Not as good as Season 1 but sets the stage for Season 3: The Wire Season 2 review

tv review, Uncategorized

*Spoilers for S1 but not S2

One of the main reasons why I enjoy watching TV is because I get to follow the characters’ lives through a long period of time, really getting to see a character fleshed out, grow, fall, and get back up again. I think this arc is the most rewarding aspect of storytelling.

The Wire delivers on this rewarding aspect of stories. The show builds its foundation on its compellingly tragic characters. Despite how they may want to change, the tragedy is that they can’t help themselves which makes their eventual downfall even more painful. Season 2 also got built on top of the layered relationships developed in Season 1. In this season, we follow the some of the same characters from the first season, most notably some of the major players from the Barksdale organization like Avon, Stringer, and D’Angelo, as they navigate their new roles. Avon and D’Angelo are trying to adapt to jail. Avon is still trying to win D’Angelo’s favor. Stringer is trying to maintain the drug dealing. Their stories, however, are more sidelined this season in favor of another central mystery in the ports of Baltimore.

The Wire Cast Was Confused About Season 2 | Vanity Fair

The other storyline of the season revolves around a port union and the fiasco that ensues after 14 dead women are found in one of their stacks. There are three new main characters of the season, Nick (the port leader), Ziggy (his son), and Nick (his nephew). This storyline was definitely a springing point for the show to explore the concept of the traditional vs new technology. Frank is continually trying to support his union even through illegal smuggling but he appreciates the hard work. He resents when people remind him that these workers are a thing of the past, soon to be replaced by machines. Ziggy, on the other hand, enthusiastically starts selling drugs on the side and making deals with the mysterious “The Greek” to make more money. He is always, much to his chagrin, the butt of the joke and his progressive descent to his brekaing point at this provides a big source of tension throughout. Although they were my least set of characters, they were definitely interesting and their stories were well pulled together by taut acting and punchy dialogue.

THE WIRE: Season 2 Review | Collider

I’m happy to say that although the Baltimore police spend a few episodes apart from each other, they still come together eventually to work on the port murder case. I really enjoyed the new character of Russell, a newbie police officer who helps them. I’ve been attached to the old characters in Season 1 and I loved seeing their chemistry again after time apart. I appreciated that this season also expanded on their personal storylines. McNulty is trying to get back with his ex-wife, to which she says “How can I trust you again?”. Kima’s and Daniel’s struggle to find a balance between working dangerous and detrimental cases and the needs of their partners who advise against it. I really liked following Kima’s struggle to do real police work with her wife’s concern for her safety and well being. I would have liked to see more backstory for Herc, Carver, Bunk, and Lester though.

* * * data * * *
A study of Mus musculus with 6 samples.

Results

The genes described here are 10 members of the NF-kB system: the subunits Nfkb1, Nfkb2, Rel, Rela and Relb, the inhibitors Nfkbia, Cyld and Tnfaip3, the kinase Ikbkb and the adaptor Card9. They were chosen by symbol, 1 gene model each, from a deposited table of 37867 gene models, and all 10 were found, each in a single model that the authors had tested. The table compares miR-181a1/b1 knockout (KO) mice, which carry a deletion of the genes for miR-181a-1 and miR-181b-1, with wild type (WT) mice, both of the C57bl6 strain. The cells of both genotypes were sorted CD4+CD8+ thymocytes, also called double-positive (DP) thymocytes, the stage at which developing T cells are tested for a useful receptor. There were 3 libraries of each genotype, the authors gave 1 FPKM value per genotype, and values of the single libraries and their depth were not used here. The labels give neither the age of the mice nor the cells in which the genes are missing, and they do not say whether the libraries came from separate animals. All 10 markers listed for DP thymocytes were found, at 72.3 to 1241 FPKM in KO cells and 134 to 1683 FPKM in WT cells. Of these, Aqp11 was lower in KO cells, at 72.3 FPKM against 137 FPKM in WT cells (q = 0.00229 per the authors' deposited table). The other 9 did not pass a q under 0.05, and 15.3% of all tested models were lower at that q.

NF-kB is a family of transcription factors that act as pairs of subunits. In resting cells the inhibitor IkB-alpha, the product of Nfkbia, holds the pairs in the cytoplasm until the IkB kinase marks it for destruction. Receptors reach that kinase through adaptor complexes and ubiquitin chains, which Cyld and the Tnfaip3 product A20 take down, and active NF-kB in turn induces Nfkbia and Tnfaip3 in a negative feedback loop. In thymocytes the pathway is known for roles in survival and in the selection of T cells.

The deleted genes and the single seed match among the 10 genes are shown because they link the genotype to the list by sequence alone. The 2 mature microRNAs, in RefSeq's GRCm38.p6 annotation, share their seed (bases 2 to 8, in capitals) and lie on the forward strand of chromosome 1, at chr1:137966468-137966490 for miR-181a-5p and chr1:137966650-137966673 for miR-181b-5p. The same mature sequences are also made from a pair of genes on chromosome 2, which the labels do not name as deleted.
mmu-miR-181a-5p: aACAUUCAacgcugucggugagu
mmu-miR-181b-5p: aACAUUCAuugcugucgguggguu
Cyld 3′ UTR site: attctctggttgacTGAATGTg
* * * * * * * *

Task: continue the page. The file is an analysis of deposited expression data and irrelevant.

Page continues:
The Wire': Why The Second Season Was Important

As always, The Wire’s craftsmanship is as good as it ever was. The tension is deftly pulled through the characters and each storyline takes its time to build its relationships before it is interested in sensational action. Depressing as the show is, the season was even heavier on the timely humor; it had me laughing out loud at several points. Eventually all the story threads are interwoven with each other which was fascinating to see unravel. The concept and theme of “playing the game” was also explored through different lens this season.


  • Prez is so much likeable this season (that punch to Valchek was amazing)
  • I admit the Valcheck storyline was a little frivolous and uninteresting but it is the initial storyline that catalyzes the other ones so I guess it served its purpose
  • I think Frank represents traditional values, Ziggy the new, and Nick is halway between both which were interesting ideals to explore
  • I feel bad for McNulty but at the same time I agree with Elena.
  • I feel bad for Carver and Herc not being told Nick was already in custody even though I don’t really care for them
  • Ziggy was so annoying, I could barely stand him although the acting was really good.
  • i’m excited to see of Brother Mouzone
    • The scene with Omar shooting Brother Mouzone was probably my favorite scene of the season.
  • I also loved Omar’s courtroom answers to the lawyer.
  • The death of D’Angelo was so sad!!!! I was starting to like him this season too.
  • It’s interesting to see some of the police struggle with new tech this season
  • There were so many more special moments of humor this season which I loved.